April 22, 2024

NCSD school board approves transition and final boundary maps

Adjustments made after community offers feedback to district via surveys and input meetings

The transition boundary map, left, and final boundary map, right, were approved March 25 by the Newton Community School District Board of Education. Community input led to some adjustments being made to the transition boundary map but not the final boundary map. Maps were created by RSP & Associates.

School board members on March 25 voted unanimously in favor of the updated boundary maps for the Newton Community School District; the boundaries largely determine where students will be going to school during and after the multi-million dollar renovation of Aurora Heights Elementary.

Originally, the school district boundary maps split Aurora Heights students using First Avenue East. If they lived north of the highway, they would be enrolled in Emerson Hough Elementary; if they lived south of the highway they would be enrolled in Woodrow Wilson Elementary until renovations are completed.

The original maps also greatly reduced Woodrow Wilson’s boundaries, leaving many students to be transitioned to Thomas Jefferson Elementary. Many students living south of South 13th Avenue East and west of West 12th Street South would also be moved to Thomas Jefferson.

Survey feedback was fairly positive of the boundary maps, but community input has altered the boundary lines of certain buildings. For instance, the highway is no longer a set indicator for where Aurora Heights students will be moved to. Several families will now be moved to Emerson Hough as a result.

However, the final district boundaries dividing students into Thomas Jefferson and Aurora Heights remains exactly the same.

According to data collected by RSP & Associates, the firm the district is working with to design and plan the boundary maps, there were a total of 165 responses from the community survey. Of which 52 percent of the responses supported the transition boundary plan and 74 percent supported the final boundary plan.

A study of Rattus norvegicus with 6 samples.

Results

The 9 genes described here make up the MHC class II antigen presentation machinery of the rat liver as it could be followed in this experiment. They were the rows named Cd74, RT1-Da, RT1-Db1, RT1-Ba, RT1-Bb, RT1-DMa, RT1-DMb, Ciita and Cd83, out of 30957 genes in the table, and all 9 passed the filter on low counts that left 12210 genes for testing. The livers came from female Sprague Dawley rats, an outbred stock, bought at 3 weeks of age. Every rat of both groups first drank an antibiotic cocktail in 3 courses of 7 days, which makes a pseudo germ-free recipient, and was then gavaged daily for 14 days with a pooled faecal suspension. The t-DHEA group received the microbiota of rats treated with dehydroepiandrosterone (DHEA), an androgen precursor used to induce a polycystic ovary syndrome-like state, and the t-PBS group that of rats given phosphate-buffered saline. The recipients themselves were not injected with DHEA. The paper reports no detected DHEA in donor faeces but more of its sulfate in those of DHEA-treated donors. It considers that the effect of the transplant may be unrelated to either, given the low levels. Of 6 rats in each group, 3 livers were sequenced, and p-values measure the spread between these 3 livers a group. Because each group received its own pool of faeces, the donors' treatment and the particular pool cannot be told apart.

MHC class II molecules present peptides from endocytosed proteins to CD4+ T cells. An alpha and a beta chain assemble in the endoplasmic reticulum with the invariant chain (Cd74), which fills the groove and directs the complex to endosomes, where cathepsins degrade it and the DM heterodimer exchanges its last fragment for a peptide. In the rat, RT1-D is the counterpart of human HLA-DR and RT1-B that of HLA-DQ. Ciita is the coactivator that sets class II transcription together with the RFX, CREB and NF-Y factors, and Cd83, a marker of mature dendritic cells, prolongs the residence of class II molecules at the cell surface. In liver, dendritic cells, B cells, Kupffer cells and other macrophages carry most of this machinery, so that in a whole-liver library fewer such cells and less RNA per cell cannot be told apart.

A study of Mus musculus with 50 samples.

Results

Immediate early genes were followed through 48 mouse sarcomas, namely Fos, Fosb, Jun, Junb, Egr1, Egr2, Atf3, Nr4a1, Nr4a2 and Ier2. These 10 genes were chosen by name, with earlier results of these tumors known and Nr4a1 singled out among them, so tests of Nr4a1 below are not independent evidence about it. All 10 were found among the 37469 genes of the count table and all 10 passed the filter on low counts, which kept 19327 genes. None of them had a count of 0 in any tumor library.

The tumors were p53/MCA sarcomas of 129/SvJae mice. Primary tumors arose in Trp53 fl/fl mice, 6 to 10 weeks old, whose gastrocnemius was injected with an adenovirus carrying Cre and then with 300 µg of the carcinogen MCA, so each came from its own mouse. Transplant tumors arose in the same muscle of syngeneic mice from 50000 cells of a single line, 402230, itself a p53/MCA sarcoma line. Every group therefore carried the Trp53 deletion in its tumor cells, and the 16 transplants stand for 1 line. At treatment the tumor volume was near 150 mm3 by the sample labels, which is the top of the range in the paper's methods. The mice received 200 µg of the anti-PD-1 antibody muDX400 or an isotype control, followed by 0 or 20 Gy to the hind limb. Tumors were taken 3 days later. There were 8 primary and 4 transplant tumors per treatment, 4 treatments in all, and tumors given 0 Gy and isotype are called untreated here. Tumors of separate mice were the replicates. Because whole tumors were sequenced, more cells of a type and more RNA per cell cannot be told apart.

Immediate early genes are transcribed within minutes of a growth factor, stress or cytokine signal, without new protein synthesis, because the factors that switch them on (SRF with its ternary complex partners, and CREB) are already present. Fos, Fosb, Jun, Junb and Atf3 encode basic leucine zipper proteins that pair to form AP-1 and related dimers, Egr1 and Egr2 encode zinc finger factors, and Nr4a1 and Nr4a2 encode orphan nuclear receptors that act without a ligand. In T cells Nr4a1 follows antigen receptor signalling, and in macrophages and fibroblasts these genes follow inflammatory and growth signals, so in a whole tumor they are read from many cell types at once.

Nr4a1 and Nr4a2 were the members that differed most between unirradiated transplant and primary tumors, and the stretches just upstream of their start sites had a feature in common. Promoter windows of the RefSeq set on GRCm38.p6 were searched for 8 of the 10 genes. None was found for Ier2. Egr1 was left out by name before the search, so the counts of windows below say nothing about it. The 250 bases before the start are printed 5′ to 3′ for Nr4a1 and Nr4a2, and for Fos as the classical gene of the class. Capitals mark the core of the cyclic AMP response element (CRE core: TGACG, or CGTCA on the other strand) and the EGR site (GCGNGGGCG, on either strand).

Verbal feedback from in-person events mainly showed concerns on the transition boundary plan, including changes to the southeast rural routes and splitting the Woodrow Wilson community. Others questioned how the plans will impact class sizes, programming, transportation and staffing of buildings.

Disruption to students and transportation were some of the top concerns pointed out in the community surveys. Specifically, community members worried about students having to switch schools multiple times and being separated from friends and familiar environments.

The community requested to keep all Woodrow Wilson, Thomas Jefferson and Emerson Hough students in place and disperse Aurora Heights students into available spaces for the next two years in order to lower the impact for those Aurora Heights families.

There was also a request to keep as many Aurora Heights students together in one building as possible to maintain the school community during transition. Comments from the survey show the Newton community is worried about what will happen to their kids and the transitions they will face.

“I am just overall concerned about uprooting my forth grader,” one survey taker said. “I feel frustrated because the Aurora Heights parents rallied and fought for this configuration, their students then get to displace other students and in the end they end up with the nice building.”

Another survey taker said, “My concern is the students changing schools so much. I have a student that will potentially change schools for fourth grade then again for fifth grade. It is scary to go to a new school and she will have to do it so much more. I am worried for them.”

RSP & Associates estimates 38.2 percent of K-3 students will be impacted in the transition boundary plan, and 66.3 percent of K-1 students will be impacted in the final boundary plan. Students residing in Aurora Heights community and in north rural routes will be impacted twice. All other students will be impacted one time.

Christopher Braunschweig

Christopher Braunschweig

Christopher Braunschweig has a strong passion for community journalism and covers city council, school board, politics and general news in Newton, Iowa and Jasper County.